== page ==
In my indie bookstore day job, I’m kind of the Queen of Nonfiction. The title doesn’t mean much, other than I can usually come up with a decent recommendation for someone looking for a good history/science/nature book, and I’m in charge of resetting the nonfiction new release table on Tuesdays—and that means new fiction releases sometimes fly under my radar at first. That’s exactly what happened with Karen Outen’s debut novel, Dixon, Descending, which I didn’t see until a few weeks after its release but proceeded to buy immediately based on its cover (I know, I know) and just one-third of its jacket copy.

Here’s the premise: following their mother’s death, buttoned-up charter school psychologist and former almost-Olympic runner, Dixon Bryant, lets his audacious, charming-as-heck entrepreneur older brother, Nate, talk him into attempting to be the first Black American men to summit Mount Everest. As you can likely surmise from the title (and the first five words of the front-cover blurb: “This book will hurt you”): calamity ensues.

Book Review: Dixon, Descending by Karen Outen

The Ups

Adventure! Drama and heartbreak! Characters you love and characters you can’t stand! Relatable situations and eye-opening scenarios! Unlikely friendships! Personal growth! This book has it all, and Outen does a (mostly) great job of weaving everything together in a way that both holds the reader’s attention despite frequent time jumps—between the spring of 2011, when the brothers make their Everest attempt, and the fall of the same year into 2012—and takes them on an emotional rollercoaster with drops as big as Everest itself.

  • Adventure: The main character climbs Mount Everest, this one is obvious.
  • Drama and heartbreak: Shit gets real and characters die, and they do it well after Outen has already made you love them.
  • Characters you love (not a comprehensive list): Dixon, Nate, Marcus, Lena, Pemba and Angkaji, Herbert—these are people you’ll wish you could meet in real life.
  • Characters you can’t stand (a mostly comprehensive list): Dixon, Shiloh, Cal Fierston—these are the ones you’ll wish you could slap through the pages.
  • Relatable situations: Assuming that most Dixon, Descending readers will be of athletic and outdoorsy persuasions (Olympic-level/Everest-climbing caliber not required), every scene that tackles the activities we do and why we are drawn to them—e.g., “The best part of the climb was digging his feet into the snowy ribs of the mountain. Each step was suffering then proving you could triumph.” (p. 189)—will have you nodding in agreement.
  • Eye-opening scenarios: These will vary by reader, of course, but for me, a white woman, reading about Dixon, a (fictional, sure) Black man, both on the mountain and back at home offered an incredible amount of insight into the (real-life) Black experience in the outdoor community specifically and America generally.
  • Unlikely friendships: I won’t spoil anything, but I will tell you that the Dixon-Lena and Dixon-Herbert relationships will both give you the warm fuzzies.
  • Personal growth: Yes, Dixon descends Everest and makes it home, but his post-expedition downward spiral—his physical and emotional losses take him to some dark places—is what puts the “descending” in the book’s title. What the title fails to convey, however, is that in those dark places, Dixon also learns some really important lessons and ultimately ascends again; maybe not to his “old self,” but toward a new version of a “whole self.”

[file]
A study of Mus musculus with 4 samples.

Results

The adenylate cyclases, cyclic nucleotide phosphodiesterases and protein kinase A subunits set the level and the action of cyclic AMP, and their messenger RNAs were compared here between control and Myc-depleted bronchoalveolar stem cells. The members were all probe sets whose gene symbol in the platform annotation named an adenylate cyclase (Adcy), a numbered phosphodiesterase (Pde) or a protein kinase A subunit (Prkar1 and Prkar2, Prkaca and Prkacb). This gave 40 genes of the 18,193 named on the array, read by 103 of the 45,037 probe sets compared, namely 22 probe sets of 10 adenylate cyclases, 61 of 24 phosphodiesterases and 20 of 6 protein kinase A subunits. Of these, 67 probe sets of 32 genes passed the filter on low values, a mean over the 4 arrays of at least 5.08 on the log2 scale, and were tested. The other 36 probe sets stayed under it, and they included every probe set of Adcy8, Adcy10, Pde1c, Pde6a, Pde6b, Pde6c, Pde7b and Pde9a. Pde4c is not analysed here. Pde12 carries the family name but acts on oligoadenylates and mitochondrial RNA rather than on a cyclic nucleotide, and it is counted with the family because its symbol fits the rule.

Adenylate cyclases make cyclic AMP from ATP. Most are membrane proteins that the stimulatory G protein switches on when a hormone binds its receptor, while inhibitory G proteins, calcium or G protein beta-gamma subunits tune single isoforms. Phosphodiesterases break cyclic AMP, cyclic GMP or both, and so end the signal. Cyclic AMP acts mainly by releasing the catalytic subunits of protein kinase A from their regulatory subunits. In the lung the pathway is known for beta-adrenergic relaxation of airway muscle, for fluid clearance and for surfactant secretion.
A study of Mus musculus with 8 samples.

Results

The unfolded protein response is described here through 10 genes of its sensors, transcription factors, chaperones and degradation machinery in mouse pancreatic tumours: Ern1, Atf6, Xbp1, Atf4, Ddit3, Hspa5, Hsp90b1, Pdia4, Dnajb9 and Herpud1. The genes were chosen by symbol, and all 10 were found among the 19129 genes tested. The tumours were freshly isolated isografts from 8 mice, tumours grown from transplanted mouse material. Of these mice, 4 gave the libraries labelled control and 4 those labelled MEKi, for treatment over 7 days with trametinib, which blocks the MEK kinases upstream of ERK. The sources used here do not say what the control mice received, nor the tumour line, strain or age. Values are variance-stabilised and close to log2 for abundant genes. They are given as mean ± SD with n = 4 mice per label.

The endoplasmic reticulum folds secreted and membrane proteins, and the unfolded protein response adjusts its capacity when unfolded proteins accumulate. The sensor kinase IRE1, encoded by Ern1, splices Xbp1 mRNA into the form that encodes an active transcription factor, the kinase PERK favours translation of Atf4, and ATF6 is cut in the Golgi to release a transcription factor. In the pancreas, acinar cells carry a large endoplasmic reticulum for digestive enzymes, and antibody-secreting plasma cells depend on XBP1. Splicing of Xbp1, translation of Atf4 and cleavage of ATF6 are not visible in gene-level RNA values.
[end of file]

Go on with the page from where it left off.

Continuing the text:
I also greatly appreciated how well-researched Outen’s work is. From effortlessly conjuring the overcrowded nature of Mount Everest these days—“So here he stood in his mountain wilderness. Just him and eight hundred others.” (p. 87)—to name-dropping real-life Everest firsts (Sibusiso Vilane, first Black man; Sophia Danenberg, first Black American), you may forget that you’re reading a novel a time or two.

The Downs

Here’s the problem with books that “have it all”: sometimes, it’s a bit too much. At times, Dixon, Descending feels like it could be two separate novels. For as much detail as you get about the Bryant boys’ Everest expedition and Dixon’s saga once he’s back stateside, it still seems like large parts of both stories are missing because it’s too much for one narrative to handle.

My other (nit-picky) complaint is that the story’s pace is either “Olympic Runner” fast or “Stuck in That Infamous 2019 Everest Summit Line” slow; on several occasions, I found myself wishing for a more balanced tempo. The time jumps were also occasionally a little disorienting—and that *means something* coming from me, a reader who prefers that method of storytelling in novels. There are time/place markers at the beginning of some chapters, but not all; this just felt lazy, even though it’s clear why some chapters lack them (they were in the same time/place as the previous one), and meant it took a few extra moments to get yourself back into the story if you had left off on a chapter that didn’t begin by telling you when and where you were.

The Aftermath

This is the kind of story you have to sit with for a while before settling down to write about it. I read it over the course of just a few days, but it’s taken a couple of weeks to “feel ready” to review it. The full front-cover blurb is, “This book will hurt you, move you, and make you glad you joined the journey.” It is correct on all counts.Ultimately, whether you dream of someday tackling Mount Everest yourself or just enjoy reading about others taking on the challenge of climbing to the top of the world (as well as the challenges of normal life), Dixon, Descending is well worth its list price and the time it’ll take you to read it.